How do you set achievable goals and follow through with them? Here are six ways:
1. Make general goals specific.
Better yet, quantify them or provide a level of detail you’d be able to put on your calendar today. Blanket statements like “I’m FINALLY going to lose weight” probably won’t work because they’re too vague. Writing “going to lose weight” in a 12-1pm slot is probably less attainable than having something more specific like “attend spinning class.”
Or in the area of travel, let’s say you’re from Kansas and want to visit New York City for the first time ever. That’s great, but that’s not necessarily going to get you anywhere specific in New York. You can fly from the Midwest to JFK Airport or La Guardia but if you don’t know where specifically in New York you want to go, you’ll still be stuck in the airport.
Where in New York do you want to visit? Do you want to go midtown via the red, double-decker bus and see the Empire State Building followed by dinner and a Broadway play, or would you prefer a downtown walking tour by Ground Zero and the Freedom Tower?
2. Know your reasons.
If your reasons aren’t strong enough, you’re probably not going to have enough fuel to power through. What’s your reason for the goal in whatever area of your life you’re choosing to focus on: health, money, finances, relationships, career, home, organization, etc.
With losing weight, do you want to lose 10 pounds in six weeks so you could fit in the bridesmaid’s dress for an upcoming wedding, or are you looking to lose closer to 30 pounds in six months, to gain muscle and train for a more hardcore spartan race you just saw on TV? With these goals, you could see a tangible result and transformation in both physical appearance and on the weighing scale.
Now in addition, how exactly do you want to feel after you’ve accomplished your goal? Do you want to feel more energized and less sluggish? More calm and less stressed? Think about the endorphins you’ll feel from gaining more energy and having a stronger body. What’s your core desired feeling? It may help to use a feeling word as a theme in achieving your goal, like “energy,” “vitality,” “strength,” etc.
3. Add a twist to your goal.
Break down the goal further step by adding a time-crunch motivator. You want to set something on calendar that would be hard to back out of, like a race or contract. Like with weight loss, sign a contract with a personal trainer AND register for a 5K run/walk race a couple months into the future so you’re FORCED to do the work and exercise. It may also help to put this on social media so people can call you out and make sure you don’t completely back out.
If you’re looking to leave your job, book your favorite bar or restaurant for a “celebration” or “private event” 2-3 months from now with the idea that this will become your going away party while you send out resumes and interview with potential new companies in the interim. Also, write out your resignation letter and tell a trusted friend or mentor you will send it on a particular date so you have no choice but to go through with the tasks.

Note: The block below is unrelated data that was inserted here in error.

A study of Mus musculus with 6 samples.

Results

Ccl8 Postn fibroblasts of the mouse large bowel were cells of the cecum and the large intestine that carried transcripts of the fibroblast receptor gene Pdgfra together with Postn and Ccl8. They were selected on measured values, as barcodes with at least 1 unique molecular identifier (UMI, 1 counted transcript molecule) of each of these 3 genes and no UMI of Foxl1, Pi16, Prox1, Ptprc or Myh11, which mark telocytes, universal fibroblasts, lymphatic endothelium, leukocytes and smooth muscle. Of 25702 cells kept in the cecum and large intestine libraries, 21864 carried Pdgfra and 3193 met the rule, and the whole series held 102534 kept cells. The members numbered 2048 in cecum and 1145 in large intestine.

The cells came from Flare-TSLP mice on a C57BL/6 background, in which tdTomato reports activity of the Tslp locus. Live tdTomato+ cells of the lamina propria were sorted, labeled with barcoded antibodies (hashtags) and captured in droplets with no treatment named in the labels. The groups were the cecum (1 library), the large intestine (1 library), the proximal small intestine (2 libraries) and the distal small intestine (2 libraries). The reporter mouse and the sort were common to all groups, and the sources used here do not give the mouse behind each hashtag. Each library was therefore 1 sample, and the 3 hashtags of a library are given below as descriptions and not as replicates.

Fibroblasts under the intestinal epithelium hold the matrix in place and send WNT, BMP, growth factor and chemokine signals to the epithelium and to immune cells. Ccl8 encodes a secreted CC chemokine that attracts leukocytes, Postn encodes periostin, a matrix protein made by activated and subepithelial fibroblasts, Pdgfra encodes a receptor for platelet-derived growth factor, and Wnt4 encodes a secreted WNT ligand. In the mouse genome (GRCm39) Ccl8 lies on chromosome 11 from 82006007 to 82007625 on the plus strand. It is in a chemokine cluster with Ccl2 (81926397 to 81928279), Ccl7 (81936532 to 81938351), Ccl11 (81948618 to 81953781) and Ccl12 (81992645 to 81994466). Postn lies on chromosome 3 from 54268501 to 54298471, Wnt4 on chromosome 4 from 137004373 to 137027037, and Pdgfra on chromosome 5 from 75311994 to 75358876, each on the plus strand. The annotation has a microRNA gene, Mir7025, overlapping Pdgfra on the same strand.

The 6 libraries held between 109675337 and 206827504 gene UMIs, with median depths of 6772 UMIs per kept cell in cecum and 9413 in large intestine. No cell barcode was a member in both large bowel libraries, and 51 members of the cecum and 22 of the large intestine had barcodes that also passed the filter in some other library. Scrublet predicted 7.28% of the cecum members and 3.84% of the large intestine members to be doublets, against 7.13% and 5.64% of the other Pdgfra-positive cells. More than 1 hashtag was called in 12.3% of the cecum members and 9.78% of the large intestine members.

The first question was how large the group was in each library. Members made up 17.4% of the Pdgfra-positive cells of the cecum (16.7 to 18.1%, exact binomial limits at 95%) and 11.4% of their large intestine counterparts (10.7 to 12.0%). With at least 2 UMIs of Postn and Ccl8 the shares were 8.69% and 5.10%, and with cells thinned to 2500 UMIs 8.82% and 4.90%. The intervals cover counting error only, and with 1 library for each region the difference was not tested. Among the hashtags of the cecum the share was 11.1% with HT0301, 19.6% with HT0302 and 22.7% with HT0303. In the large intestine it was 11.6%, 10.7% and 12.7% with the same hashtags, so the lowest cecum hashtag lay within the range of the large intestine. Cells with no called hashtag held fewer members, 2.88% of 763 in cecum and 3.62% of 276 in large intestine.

4. Break down your goal to daily habits.
By now, you should have a milestone date scheduled on calendar for a particular goal. You set the date for when you will participate in a race, travel for your trip, start that business, etc. In the meantime, think about scheduling WHEN you’ll be able to do the work to reach your goals. Most of the time, people fail to achieve their goals because they haven’t scheduled a time to accomplish them so by default, simply don’t do them. Schedule time in your calendar either early in the morning before work, during lunch break or after work, it doesn’t matter just get it ON there and commit to it! Don’t have time and have family obligations? Hire a babysitter or have a friend or family member watch Johnny and Sally for 2-3 hours on a weekend or whenever you have free time.
5. Track your progress.
What you measure gets improved, so either keep a journal, excel spreadsheet, google docs, or one of the many related tracking apps out there of what you’ve accomplished no matter how small. With a weight loss goal you could track your weight weekly. Also track what you eat and which exercises you did daily so you’ll know how much calories were taken in and how much energy gets exerted. You’ll also have a record that you’ve followed through. What you measure gets improved.
If it’s something like job searching or business creating, have a checklist of items with target dates and report your progress to an accountability partner, coach or mentor. Use social media to your advantage and publish blog or Facebook posts of how you’re doing.
6. Be flexible.
Life happens and that’s okay. It doesn’t mean you get off the bandwagon completely if things slide. Make the choice to get back up and continue regardless. Also, if there are things that need to be changed for emergency, allow yourself the buffer to sort out the issue, but schedule to get back on track.
For any goal to stick, have reasons, get specific, add a twist, make it a habit, track and be flexible. If you apply these tips, you could totally accomplish your new year’s resolution!
What’s your new year’s resolution and what will you do to make it happen?